Administrative law – Decisions of administrative tribunals – Human Rights Tribunal – Human rights complaints – Discrimination – Gender – Equality rights – Judicial review – Legislative compliance – Disclosure – Relevance of information disclosed – Standard of review – Patent unreasonableness – Correctness
Cariboo Chevrolet Pontiac Buick GMC Ltd. v. Becker,  B.C.J. No. 119, British Columbia Supreme Court, January 10, 2006, Goepel J.
The Respondent had been employed by the Petitioner car dealership. During the course of her employment, the Respondent considered that the Petitioner had been discriminating against her by paying her less than males who performed substantially the same job. She approached two of her superiors at the dealership and advised them that she had contacted the Tribunal and that she had a strong case. There was some discussion that suggested that if she brought a complaint to the Tribunal, the Respondent’s job might be in jeopardy. A few months later, following receipt of several complaints regarding the Respondent, the Petitioner terminated her employment.
The Respondent filed a complaint with the Tribunal, alleging that the Petitioner had discriminated against her by (a) paying her a rate of pay less than the rate of pay at which an employee of the other sex was employed for similar or for substantially similar work, in breach of section 12(1) of the Code; (b) threatening to fire her if she continued to pursue the human rights complaint, in breach of section 43 of the Code; and (c) terminating her employment in breach of section 13 of the Code.
The Petitioner had brought an application to dismiss the complaint which was denied. The Respondent had also brought an application for disclosure of certain documents which she alleged were relevant to the complaint proceedings. The Tribunal granted the application for disclosure.
The Court first considered whether the Administrative Tribunals Act, S.B.C. 2004, c.45 (the “ATA”), which came into force after the two Tribunal decisions were delivered, but before the petition for judicial review was filed, applied. Because the petition for judicial review took place after the statute’s commencement, applying the ATA in this case did not give the statute a retrospective effect. The ATA applies and the decisions are to be reviewed pursuant to its provisions.
Different standards of review apply to different portions of the Tribunal’s decision regarding the Petitioner’s application for dismissal of the complaint. Under section 27(1)(b), the Tribunal can dismiss the complaint if the acts or omissions alleged, if true, do not contravene the Code. That decision does not require an exercise of discretion, findings of fact, or the application of common law rules of natural justice and procedural fairness. Section 59(1) of the ATA mandates that the decision of section 27(1)(b) be reviewed on a standard of correctness.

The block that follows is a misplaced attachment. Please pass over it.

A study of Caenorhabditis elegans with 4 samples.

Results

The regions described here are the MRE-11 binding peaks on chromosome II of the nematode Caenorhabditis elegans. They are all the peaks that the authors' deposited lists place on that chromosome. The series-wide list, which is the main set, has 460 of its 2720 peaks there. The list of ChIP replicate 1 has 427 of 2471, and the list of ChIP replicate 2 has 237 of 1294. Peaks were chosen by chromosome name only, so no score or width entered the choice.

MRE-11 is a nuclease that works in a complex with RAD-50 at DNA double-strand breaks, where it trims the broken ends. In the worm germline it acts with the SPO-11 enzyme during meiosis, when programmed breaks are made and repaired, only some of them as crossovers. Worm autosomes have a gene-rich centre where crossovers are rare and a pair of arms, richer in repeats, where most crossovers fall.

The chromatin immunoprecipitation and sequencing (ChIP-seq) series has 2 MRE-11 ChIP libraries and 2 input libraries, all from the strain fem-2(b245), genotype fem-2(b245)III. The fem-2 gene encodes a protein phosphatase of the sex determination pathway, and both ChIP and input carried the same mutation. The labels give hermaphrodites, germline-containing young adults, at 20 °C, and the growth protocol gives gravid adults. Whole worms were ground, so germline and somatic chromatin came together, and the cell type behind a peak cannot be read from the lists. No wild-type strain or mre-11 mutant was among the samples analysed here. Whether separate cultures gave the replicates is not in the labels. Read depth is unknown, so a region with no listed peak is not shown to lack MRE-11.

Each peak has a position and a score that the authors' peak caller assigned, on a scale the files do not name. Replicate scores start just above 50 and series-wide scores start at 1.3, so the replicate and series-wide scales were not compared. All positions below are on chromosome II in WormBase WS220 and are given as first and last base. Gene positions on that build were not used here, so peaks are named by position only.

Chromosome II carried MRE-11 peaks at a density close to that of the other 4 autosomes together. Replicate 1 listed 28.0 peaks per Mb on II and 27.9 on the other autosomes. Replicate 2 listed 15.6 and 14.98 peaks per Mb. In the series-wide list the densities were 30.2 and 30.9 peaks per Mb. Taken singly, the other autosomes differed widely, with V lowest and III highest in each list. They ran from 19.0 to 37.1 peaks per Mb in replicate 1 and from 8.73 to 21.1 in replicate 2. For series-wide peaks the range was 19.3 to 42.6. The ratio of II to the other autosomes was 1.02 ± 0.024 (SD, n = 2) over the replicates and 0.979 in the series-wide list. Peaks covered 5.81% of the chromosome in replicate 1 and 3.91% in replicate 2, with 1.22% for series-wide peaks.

Section 27(1)(c) gives the Tribunal the power to summarily dismiss a complaint with or without a hearing, or if the Tribunal is satisfied that there is no reasonable prospect, the complaint will succeed. The decision involves an assessment of evidence in a specialized area. It is discretionary in nature and therefore should only be set aside if it is patently unreasonable.
Similarly, decisions made under section 27(1)(d) (which provide for dismissal where proceeding with the complaint would not benefit the person, group or class alleged to have been discriminated against or further the purposes of the Code) should be reviewed under the patently unreasonable standard, as such decisions are clearly discretionary and grounded in the Tribunal’s expertise.
The foundation of the section 12 complaint was that the Respondent was paid less than her predecessors for similar work. The complaint falls clearly under section 12 of the Code and, in the result, the Tribunal’s decision not to dismiss the section 12 complaint under section 27(1)(b) was correct. The Tribunal’s decision not to dismiss it under section 27(1)(c) or section 27(1)(d)(ii) was also not patently unreasonable, or even incorrect.
The foundation of the Respondent’s section 13 complaint was that she was fired on account of her sex. If she can establish she was fired for the reasons she alleges, there would be a contravention of the Code, and therefore the Tribunal was correct in declining to dismiss the section 13 complaint under section 27(1)(b). It was also not patently unreasonable for the Tribunal member to refuse to dismiss this complaint under section 27(1)(c).
With regard to the complaint under section 43, the Court found that the section had a limited meaning and is referenced to a person who “complains under the Code”, thus limiting it to persons who have filed a complaint pursuant to section 21 of the Code. The Respondent had made no complaint under the Code before she was terminated. In the circumstances, her complaint under section 43 could not succeed and should have been dismissed under section 27(1)(b). The Tribunal was prohibited from proceeding with that complaint.
Regarding the Tribunal’s order for disclosure of documents, the decision involved the application of a legal test: arguable relevance of documents. The standard of review pursuant to section 59(1) of the ATA is correctness. The Court held that the Tribunal had been incorrect in ordering production of a customer satisfaction survey, the Petitioner’s financial statements, and the records and benefits of other managers, on the basis that they were not arguably relevant.